Richtige Identifizierungsentscheidungen: Wie man sie erhält und wie man sie beurteilt

Kaminski, Kristina S.


URL: http://geb.uni-giessen.de/geb/volltexte/2016/12208/

Freie Schlagwörter (Englisch): eyewitness testimony , person identification , judgment of identification decisions , Brunswikian lens model
Universität Justus-Liebig-Universität Gießen
Institut: Abteilung für Sozial- und Rechtspsychologie
Fachgebiet: Psychologie
DDC-Sachgruppe: Psychologie
Dokumentart: Dissertation
Sprache: Englisch
Tag der mündlichen Prüfung: 14.07.2016
Erstellungsjahr: 2016
Publikationsdatum: 18.08.2016
Kurzfassung auf Englisch: False eyewitness identifications as well as erroneous judgments of identification decisions in court have been shown to contribute to wrongful convictions in many criminal cases (Garrett, 2008, 2011, 2012). The present dissertation reports three experiments, which were aimed to investigate a new system variable (Wells, 1978) to increase identification accuracy as well as to analyze fact finders´ judgmental processes when evaluating the accuracy of an identification decision.
In Experiment 1, potentially beneficial effects of re-reading one´s own person description prior to the identification task were examined (Cutler, Penrod, O´Rourke, & Martens, 1986; Sporer, 2007). Moreover, description effects on identification accuracy were investigated under more realistic retention intervals, expecting a verbal facilitation effect instead of verbal overshadowing (Schooler & Engstler-Schooler, 1990). Participants watched a video film (1) without describing the perpetrator (no description control group), (2) with describing the perpetrator or (3) with describing and re-reading their own description prior to the identification task. Two days or five weeks later all participants were asked to identify the perpetrator in a target-absent or target-present lineup. As predicted from a context reinstatement framework, results revealed higher identification accuracy after re-reading compared to the control group. Moreover, there was a tendency for a verbal facilitation effect with the likelihood of a correct identification decision being almost three times higher when the perpetrator was described compared to the control condition.
In Experiment 2, the Brunswikian lens model (Brunswik, 1956, 1965) was applied to the evaluation of eyewitness identifications. To explain observers´ judgment accuracy when evaluating the accuracy of an identification decision it was examined (1) which cues observers use to evaluate an identification decision (”subjective utilities”), (2) how they interpret and weight these cues, and (3) if these cues as perceived by observers are indeed related to identification accuracy ("ecological validities"). Study 1 presented participant-observers with literal transcripts of 48 choosers´ identification decisions, whereas Study 2 used the original videotapes. A “think-aloud” method was applied to make discriminating cues more salient to observers, which was compared to retrospective reasoning protocols. Both studies demonstrated that observers used the investigated cues as indicators of identification accuracy independently of type of decision protocol. However, only when think-aloud protocols were evaluated cues discriminated between correct and incorrect identifications resulting in a high correspondence between subjective utilities and ecological validities. Advantages of think-aloud methods and videotapes to increase fact finders´ judgment accuracy when evaluating identification decisions are discussed.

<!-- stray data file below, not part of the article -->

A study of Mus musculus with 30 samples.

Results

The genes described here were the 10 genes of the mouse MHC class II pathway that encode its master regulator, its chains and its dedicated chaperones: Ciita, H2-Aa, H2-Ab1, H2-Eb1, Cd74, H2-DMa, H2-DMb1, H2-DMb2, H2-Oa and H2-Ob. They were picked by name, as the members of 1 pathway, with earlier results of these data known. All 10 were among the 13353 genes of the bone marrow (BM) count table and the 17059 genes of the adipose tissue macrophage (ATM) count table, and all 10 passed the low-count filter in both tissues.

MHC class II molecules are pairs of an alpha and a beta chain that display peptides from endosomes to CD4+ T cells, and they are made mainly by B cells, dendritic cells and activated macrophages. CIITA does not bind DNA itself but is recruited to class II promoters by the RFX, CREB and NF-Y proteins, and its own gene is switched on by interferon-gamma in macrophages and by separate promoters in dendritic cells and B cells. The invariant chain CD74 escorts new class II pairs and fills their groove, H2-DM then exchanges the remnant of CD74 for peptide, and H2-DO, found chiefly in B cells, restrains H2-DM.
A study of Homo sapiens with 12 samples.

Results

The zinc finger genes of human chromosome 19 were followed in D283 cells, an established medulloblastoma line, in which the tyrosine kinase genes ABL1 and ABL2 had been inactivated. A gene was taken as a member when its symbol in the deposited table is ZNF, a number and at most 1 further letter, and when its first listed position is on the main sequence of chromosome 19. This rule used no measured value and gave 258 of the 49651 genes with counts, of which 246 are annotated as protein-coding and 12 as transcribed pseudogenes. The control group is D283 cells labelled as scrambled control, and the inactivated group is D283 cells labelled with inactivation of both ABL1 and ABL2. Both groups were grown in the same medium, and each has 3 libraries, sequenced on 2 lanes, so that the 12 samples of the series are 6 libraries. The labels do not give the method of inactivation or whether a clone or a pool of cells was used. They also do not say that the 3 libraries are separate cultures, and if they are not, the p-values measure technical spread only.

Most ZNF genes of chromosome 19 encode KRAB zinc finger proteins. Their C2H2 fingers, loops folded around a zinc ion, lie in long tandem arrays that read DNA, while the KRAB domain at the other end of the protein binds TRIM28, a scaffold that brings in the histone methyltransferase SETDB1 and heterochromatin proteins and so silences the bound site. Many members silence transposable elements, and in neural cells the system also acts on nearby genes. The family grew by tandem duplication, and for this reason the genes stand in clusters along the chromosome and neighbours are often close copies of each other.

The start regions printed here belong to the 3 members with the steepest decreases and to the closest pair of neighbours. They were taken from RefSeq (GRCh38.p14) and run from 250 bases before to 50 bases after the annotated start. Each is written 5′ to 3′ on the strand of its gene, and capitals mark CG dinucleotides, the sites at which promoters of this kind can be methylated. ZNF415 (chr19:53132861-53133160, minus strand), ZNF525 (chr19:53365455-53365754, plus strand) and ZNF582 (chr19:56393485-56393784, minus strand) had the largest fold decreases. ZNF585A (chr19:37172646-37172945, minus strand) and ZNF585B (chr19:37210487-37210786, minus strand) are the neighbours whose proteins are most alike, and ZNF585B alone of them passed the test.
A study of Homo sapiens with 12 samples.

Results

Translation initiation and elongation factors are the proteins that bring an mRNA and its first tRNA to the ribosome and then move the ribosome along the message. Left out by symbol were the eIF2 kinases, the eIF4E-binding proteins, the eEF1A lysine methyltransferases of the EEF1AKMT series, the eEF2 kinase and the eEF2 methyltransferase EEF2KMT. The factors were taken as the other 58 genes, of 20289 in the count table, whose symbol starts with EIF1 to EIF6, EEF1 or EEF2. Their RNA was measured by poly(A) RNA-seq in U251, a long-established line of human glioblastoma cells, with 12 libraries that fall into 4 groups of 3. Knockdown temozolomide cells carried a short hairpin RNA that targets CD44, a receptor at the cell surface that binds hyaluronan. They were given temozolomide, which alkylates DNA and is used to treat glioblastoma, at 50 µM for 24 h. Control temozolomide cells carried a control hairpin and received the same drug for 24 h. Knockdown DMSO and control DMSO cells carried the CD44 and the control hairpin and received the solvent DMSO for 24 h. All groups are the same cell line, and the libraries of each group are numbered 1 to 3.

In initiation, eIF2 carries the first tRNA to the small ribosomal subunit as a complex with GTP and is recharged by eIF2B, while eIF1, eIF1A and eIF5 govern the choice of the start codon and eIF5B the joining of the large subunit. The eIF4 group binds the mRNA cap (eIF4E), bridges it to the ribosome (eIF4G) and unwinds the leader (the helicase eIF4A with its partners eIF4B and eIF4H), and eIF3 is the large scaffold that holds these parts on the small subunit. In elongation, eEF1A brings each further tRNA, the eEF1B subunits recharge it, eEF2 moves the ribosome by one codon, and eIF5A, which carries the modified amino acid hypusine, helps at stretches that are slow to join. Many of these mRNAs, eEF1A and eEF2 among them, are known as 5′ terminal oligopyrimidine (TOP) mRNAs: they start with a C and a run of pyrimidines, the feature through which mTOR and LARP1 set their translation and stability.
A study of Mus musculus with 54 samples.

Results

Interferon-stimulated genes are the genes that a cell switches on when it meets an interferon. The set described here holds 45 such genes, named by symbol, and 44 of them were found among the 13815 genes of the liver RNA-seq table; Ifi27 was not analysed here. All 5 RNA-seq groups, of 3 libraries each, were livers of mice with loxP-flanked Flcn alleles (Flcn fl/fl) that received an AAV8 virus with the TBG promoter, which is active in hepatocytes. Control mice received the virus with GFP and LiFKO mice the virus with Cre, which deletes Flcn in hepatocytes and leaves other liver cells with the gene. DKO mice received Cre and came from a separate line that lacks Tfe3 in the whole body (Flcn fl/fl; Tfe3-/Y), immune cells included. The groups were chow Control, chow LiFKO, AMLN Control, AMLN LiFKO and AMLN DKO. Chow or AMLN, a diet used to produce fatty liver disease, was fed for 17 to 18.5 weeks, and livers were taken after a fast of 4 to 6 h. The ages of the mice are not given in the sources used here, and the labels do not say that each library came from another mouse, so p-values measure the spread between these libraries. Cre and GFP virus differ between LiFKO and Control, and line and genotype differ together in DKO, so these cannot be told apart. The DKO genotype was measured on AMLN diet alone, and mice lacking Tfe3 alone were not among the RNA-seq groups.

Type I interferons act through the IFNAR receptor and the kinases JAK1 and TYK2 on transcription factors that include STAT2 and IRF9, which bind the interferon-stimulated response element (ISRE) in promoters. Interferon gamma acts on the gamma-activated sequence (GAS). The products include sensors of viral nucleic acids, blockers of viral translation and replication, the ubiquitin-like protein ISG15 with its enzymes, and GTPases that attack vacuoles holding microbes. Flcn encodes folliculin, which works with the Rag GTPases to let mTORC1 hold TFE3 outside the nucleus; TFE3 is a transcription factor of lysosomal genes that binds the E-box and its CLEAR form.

In Experiment 3, persuasive effects of different peripheral measures (i.e., speech style and attributed witness traits) and ratings of different person and event description qualities on observers´ judgments were investigated. Results demonstrated that observers used these cues to make their judgments (e.g., several description qualities and perceived witness confidence). However, almost none of these measures have been shown to be diagnostic of identification accuracy. Thus, the use of invalid peripheral cues contributes to explain observers´ low judgment accuracy.
To conclude, this dissertation suggests re-reading one´s own person descriptions as a promising approach to increase identification accuracy. As it is common police practice to ask eyewitnesses for a description of the perpetrator, re-reading one´s description is an easily applicable system variable that does not require any additional procedures, training, or resources. In contrast to former research (Alogna et al., 2014; Schooler & Engstler-Schooler, 1990), describing a perpetrator does not seem to impair identification performance under more realistic conditions.
Considering fact finders´ judgmental processes when evaluating the accuracy of an identification decision, the present studies demonstrated that videotaped or transcribed identification statements indeed contain some valid indicators of identification accuracy that are perceivable and usable by observers. Especially the application of videotaped think-aloud protocols seems to be fruitful to make valid cues more salient to observers. However, future researchers are encouraged to test and optimize these instructions for the evaluation of identification decisions. Moreover, the Brunswikian lens model framework offers an appropriate method to contrast relationships between empirically valid and intuitively used cues. Thus, to increase fact finders´ judgment accuracy, the model further allows recommendations for an appropriate weighting of information contained in identification protocols.